For such a large industry, social housing is often accused of being slow on the uptake of new technology. This can be true, but with IoT that hasn’t entirely been the case. Technically, the first IoT device ever created was a smart toaster created by John Romkey, but it wouldn’t be until the early 2010’s that the ‘rise of IoT’ would truly occur. In 2013/2014, the first IoT devices began shipping with sensors built-in. Thermostats, lights and a host of other technologies began using these sensors to understand their environment and begin to deliver the experience we all now associate with IoT.
It wouldn’t be long before the sector would begin to take notice – with the first article in Inside Housing talking about the Internet of Things being published at the end of 2014. Right from the beginning, the sector has understood the potential value that IoT technology can bring to our businesses and processes. That article even mentions the concept of smart boilers “which could alert a provider if it has an unexpected rise in carbon monoxide emissions”. As with many new technologies in social housing though, it took some time to start getting significant traction. Matt Leach, Chief Executive of HACT, said in 2015 that “the ‘internet of things’ has been notable by its absence in social housing over the past few years”.
In late 2015 and early 2016, however, the earliest trials of IoT technology were beginning to appear in social housing homes across the country. Switchee’s first trial was taking place around this time – installing very early versions of our current thermostat in properties with concerns about condensation, damp and mould. These trials often focused particularly on proving that the technology was reliable enough to be installed in social housing stock. One of the primary concerns with installing new technology is the longevity of the devices and their stability over the long-expected periods of ownership. With boiler lifecycles sitting primarily at 10 years, for example, thermostats needed to be functional for that entire period to make the investment worthwhile.
As with every early adoption of technology – there were plenty of learnings. Early pilots often started with numerous pieces of technology only to conclude that 1 or 2 of the pieces warranted further rollouts. As 2017 came to a close, the concerns over the stability of IoT devices began to abate and interest in the technologies widened. However, despite there being significant interest in the technology, there was still a lack of concrete strategies pertaining to their rollout. A survey conducted at the beginning of 2018 found that 6% of housing providers had an IoT strategy in place, with a further 25% considering it. This still meant that 69% had no strategy at all that revolved around the deployment of IoT.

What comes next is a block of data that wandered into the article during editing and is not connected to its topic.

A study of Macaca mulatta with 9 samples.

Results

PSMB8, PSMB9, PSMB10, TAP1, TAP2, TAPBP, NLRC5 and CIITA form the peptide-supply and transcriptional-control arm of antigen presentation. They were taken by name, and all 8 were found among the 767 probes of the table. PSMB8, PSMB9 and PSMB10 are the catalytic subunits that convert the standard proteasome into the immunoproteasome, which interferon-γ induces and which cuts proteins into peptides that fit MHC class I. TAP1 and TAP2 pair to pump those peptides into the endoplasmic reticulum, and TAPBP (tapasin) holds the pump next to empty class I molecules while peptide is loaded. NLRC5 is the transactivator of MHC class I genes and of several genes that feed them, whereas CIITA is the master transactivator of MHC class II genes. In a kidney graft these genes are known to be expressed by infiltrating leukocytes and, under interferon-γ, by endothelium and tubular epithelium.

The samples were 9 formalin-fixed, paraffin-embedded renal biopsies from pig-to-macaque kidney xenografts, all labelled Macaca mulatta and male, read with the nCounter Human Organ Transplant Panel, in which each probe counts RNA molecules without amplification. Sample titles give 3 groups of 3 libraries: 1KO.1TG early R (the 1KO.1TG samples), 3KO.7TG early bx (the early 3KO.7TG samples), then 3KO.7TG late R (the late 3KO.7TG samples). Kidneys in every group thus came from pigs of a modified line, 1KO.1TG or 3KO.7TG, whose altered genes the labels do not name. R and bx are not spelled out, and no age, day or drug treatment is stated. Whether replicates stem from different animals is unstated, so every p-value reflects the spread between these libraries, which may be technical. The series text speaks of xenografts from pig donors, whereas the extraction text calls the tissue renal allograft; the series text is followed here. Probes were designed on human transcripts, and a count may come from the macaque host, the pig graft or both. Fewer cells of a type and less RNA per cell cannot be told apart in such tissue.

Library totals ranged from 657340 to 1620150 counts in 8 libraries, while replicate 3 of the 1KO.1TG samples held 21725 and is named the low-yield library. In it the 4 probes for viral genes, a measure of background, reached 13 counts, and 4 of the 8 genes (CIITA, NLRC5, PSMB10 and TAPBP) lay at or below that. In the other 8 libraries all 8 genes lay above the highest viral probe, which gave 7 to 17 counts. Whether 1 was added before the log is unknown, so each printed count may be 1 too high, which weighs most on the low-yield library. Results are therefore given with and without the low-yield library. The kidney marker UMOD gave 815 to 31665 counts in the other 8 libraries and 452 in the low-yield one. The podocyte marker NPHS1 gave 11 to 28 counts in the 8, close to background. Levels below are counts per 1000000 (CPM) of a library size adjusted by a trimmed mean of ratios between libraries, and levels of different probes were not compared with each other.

By 2019, however, IoT was becoming a mainstream part of the technology landscape in the social housing sector. Housing providers across the country began to look seriously at the potential upsides of this technology – with larger and larger deployments beginning to take place. Raven Housing Trust, for example, began looking at smart technologies as a solution to a host of issues – addressing everything from smart heating to fire safety. With Nigel Newman, the director of strategy and growth at Raven, stating that “smart technology is proven – after all, we’ve been talking about the IoT for more than 10 years now.”
In 2020, the rise of Covid-19 made clear the benefits of virtual technologies.The inability for housing providers to access their properties physically generated a new and sudden urgency for technological alternatives to physical access. Concerns over increased rates of disrepair, issues with LGSR compliance, and a host of other issues brought on by increased home occupancy and poor economic conditions had many housing providers panicked. As a result, most looked to a combination of increased digital inclusion and improved technological solutions to help address the imbalance. Trials of even more smart technologies were carried out and portfolio-wide deployments began occurring on a large scale.
Now, looking back, it’s easy to see the inevitability of IoT in social housing. The technology presents an unrivalled opportunity to improve the quality of service delivered to residents whilst reducing the cost of doing so. With housing associations across the country starting to roll out smart technologies across their entire stock, it seems that Matt Leach’s concern over the lack of IoT products in the sector might have been unfounded.